Lexington's Fourth of July festivities have a new organizer — the non-profit Downtown Lexington Corporation. The city has turned over the planning of the annual parade and fireworks, as well as other events including the annual Christmas tree lighting, to the group, which has long organized events such as Thursday Night Live and Mayfest.
The move has meant a handful of changes to the events planned this year. The biggest came not from the Downtown Lexington Corp., but radio operator Clear Channel's Lexington operations, which plans the Red, White and Boom country music concerts. Those have historically led into the city's downtown fireworks display each Independence Day, but the event is moving to Saturday, July 2, at the Whitaker Bank Ballpark, where the Lexington Legends play, this year.
Because of that, the new organizers have planned a live music event similar to Thursday Night Live called July 4th Live, starting at 6 p.m. at Cheapside, where the weekly event is held.
Renee Jackson, president of the Downtown Lexington Corporation, said the Fourth of July fireworks will begin at 9:30 p.m. instead of the traditional 10 p.m. because of the changes.
Red, White and Boom will also end with fireworks on July 2 at its new location.
"If nothing else, the public will have two opportunities to see fireworks," Jackson said.
The Fourth of July festivities will also remain along Main Street this year. Traditionally, they had been conducted along Vine Street but were moved to the Cheapside and courthouse plaza areas on Main Street last year due to the streetscape project construction.
"We got feedback from the public that they liked that tight-fit space rather than being linear on Vine," Jackson said.
Longtime attendees of the downtown activities will probably not see much difference otherwise.
"To be honest, I hope the public never notices that there's a difference," Jackson said. "The city is still an extremely valuable partner and sponsor of the event.
"Their personnel are going to step up like they always have been. It's just that the logistical coordination will come from our office."
The group will continue to work closely with government employees such as Lori Houlihan, the city's special-events liaison.
The city made the move to achieve some cost savings, said Houlihan, because the switch meant a couple fewer positions in the mayor's office. Also, with the non-profit organization handling it, the planners could more easily seek donations.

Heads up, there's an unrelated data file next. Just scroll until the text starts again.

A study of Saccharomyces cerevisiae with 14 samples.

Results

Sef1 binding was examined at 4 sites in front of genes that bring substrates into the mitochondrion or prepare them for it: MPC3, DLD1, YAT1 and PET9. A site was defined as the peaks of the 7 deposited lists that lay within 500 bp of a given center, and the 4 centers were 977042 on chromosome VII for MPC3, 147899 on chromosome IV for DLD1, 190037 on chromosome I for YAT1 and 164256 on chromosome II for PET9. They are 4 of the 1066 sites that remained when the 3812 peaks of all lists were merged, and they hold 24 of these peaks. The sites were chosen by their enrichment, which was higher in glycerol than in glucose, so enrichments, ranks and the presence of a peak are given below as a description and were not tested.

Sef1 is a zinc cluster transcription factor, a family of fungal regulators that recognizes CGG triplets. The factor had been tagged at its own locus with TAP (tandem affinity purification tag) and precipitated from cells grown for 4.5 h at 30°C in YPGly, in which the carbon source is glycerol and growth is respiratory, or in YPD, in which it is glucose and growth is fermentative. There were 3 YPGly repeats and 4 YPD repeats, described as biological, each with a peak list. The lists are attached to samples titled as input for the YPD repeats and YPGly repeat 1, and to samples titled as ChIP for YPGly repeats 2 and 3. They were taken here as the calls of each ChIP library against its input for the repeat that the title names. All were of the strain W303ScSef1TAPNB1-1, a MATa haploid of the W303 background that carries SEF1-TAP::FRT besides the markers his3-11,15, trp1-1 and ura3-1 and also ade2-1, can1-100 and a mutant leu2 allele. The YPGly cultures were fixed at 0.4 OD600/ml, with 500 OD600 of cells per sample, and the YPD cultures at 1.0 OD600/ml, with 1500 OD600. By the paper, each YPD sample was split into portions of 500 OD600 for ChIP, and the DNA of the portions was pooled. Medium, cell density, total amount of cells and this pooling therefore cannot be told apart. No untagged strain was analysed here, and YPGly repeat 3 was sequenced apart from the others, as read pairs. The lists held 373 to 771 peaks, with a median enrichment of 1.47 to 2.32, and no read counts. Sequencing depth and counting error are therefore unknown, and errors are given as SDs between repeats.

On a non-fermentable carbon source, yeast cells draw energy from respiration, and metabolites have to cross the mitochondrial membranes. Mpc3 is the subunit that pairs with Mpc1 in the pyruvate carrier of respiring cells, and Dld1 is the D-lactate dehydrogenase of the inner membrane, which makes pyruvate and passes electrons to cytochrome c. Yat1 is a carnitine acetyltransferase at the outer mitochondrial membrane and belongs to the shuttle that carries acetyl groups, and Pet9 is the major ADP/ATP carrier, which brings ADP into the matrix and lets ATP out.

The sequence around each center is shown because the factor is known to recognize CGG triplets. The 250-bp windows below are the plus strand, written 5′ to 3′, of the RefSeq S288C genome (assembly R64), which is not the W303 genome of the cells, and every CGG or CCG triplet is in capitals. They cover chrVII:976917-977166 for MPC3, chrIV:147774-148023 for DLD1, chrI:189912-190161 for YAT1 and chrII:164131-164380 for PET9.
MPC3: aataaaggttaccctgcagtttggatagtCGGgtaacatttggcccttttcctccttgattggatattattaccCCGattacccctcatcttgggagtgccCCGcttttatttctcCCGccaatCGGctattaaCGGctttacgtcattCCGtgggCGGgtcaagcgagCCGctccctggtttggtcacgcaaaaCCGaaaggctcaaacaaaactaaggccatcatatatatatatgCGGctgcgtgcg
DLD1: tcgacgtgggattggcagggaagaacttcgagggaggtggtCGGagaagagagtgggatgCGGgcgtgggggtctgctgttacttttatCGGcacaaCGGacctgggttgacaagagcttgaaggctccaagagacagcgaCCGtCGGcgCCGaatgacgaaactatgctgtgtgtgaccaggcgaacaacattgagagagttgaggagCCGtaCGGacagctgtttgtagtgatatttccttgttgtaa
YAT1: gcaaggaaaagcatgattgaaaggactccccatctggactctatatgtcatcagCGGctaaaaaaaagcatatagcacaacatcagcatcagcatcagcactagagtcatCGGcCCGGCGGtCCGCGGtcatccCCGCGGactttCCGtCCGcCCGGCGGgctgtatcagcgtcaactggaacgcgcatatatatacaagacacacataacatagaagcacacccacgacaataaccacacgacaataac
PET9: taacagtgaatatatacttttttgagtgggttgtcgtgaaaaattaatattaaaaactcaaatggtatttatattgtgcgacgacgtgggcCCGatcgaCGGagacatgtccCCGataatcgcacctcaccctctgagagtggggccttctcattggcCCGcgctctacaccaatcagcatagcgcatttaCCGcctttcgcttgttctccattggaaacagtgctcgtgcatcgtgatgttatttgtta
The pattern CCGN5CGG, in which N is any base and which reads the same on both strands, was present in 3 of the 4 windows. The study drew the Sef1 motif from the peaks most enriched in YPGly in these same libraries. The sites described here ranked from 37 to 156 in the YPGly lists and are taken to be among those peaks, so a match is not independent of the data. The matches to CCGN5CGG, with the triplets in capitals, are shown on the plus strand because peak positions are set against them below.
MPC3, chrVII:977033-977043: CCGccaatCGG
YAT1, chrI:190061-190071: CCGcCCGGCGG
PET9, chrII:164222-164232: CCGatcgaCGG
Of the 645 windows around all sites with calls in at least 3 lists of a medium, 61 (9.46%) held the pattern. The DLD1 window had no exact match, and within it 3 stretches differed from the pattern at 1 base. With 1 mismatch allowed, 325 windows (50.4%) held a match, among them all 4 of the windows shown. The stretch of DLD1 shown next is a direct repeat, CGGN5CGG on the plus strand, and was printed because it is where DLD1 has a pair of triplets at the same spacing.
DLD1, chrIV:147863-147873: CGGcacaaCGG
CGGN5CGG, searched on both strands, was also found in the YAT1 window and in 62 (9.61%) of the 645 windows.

"They thought we might be able to potentially get more sponsorship dollars and, if not, we could just run them more efficiently," Jackson said.
The city also has asked the group to plan the Vintage Kentucky wine festival and the Christmas festivities including the tree lighting, Kentucky Christmas Chorus, and Holiday Market events. The group already organized the annual Christmas parade.
"There's just so many events that they're already a partner agency with and they've done such a great job with that they seemed the appropriate choice," Houlihan said.
The group is evaluating the various events to find ways to improve them, Jackson said. For instance, this year's Christmas parade is going to be held a week later than normal.
"The problem we ran into was, that's a holiday weekend, and high school bands don't have their full ensembles and don't want to participate," she said. "The parade will be the Saturday of the following week, and we're moving it back to the morning so we don't have potential conflicts."
The Christmas tree lighting will continue to be the evening of the Friday after Thanksgiving.
Also, the Vintage Kentucky wine festival will be held on a Sunday this year instead of its Saturday date in 2010, which conflicted with the University of Kentucky's football game with the University of Louisville.
And in future years, fireworks might be shot off from Triangle Park because "Broadway at Main is one of the best vantage points in the city," she said. "We toyed with the idea of putting it down there this year, and we may very well do that when Triangle Park is renovated, but it's not feasible this year."
The shift in responsibilities is a "good thing for the city and downtown," said Harold Tate, former head of the Downtown Development Authority. "The Downtown Lexington Corporation has a good track record with Thursday Night Live and Mayfest at Gratz Park."
Tate, who is setting up a consulting company specializing in downtown development, emphasized that the shift will make it easier to raise money.
"With the economic situation the way it is, we're going to need more private support to make some of those activities happen," he said.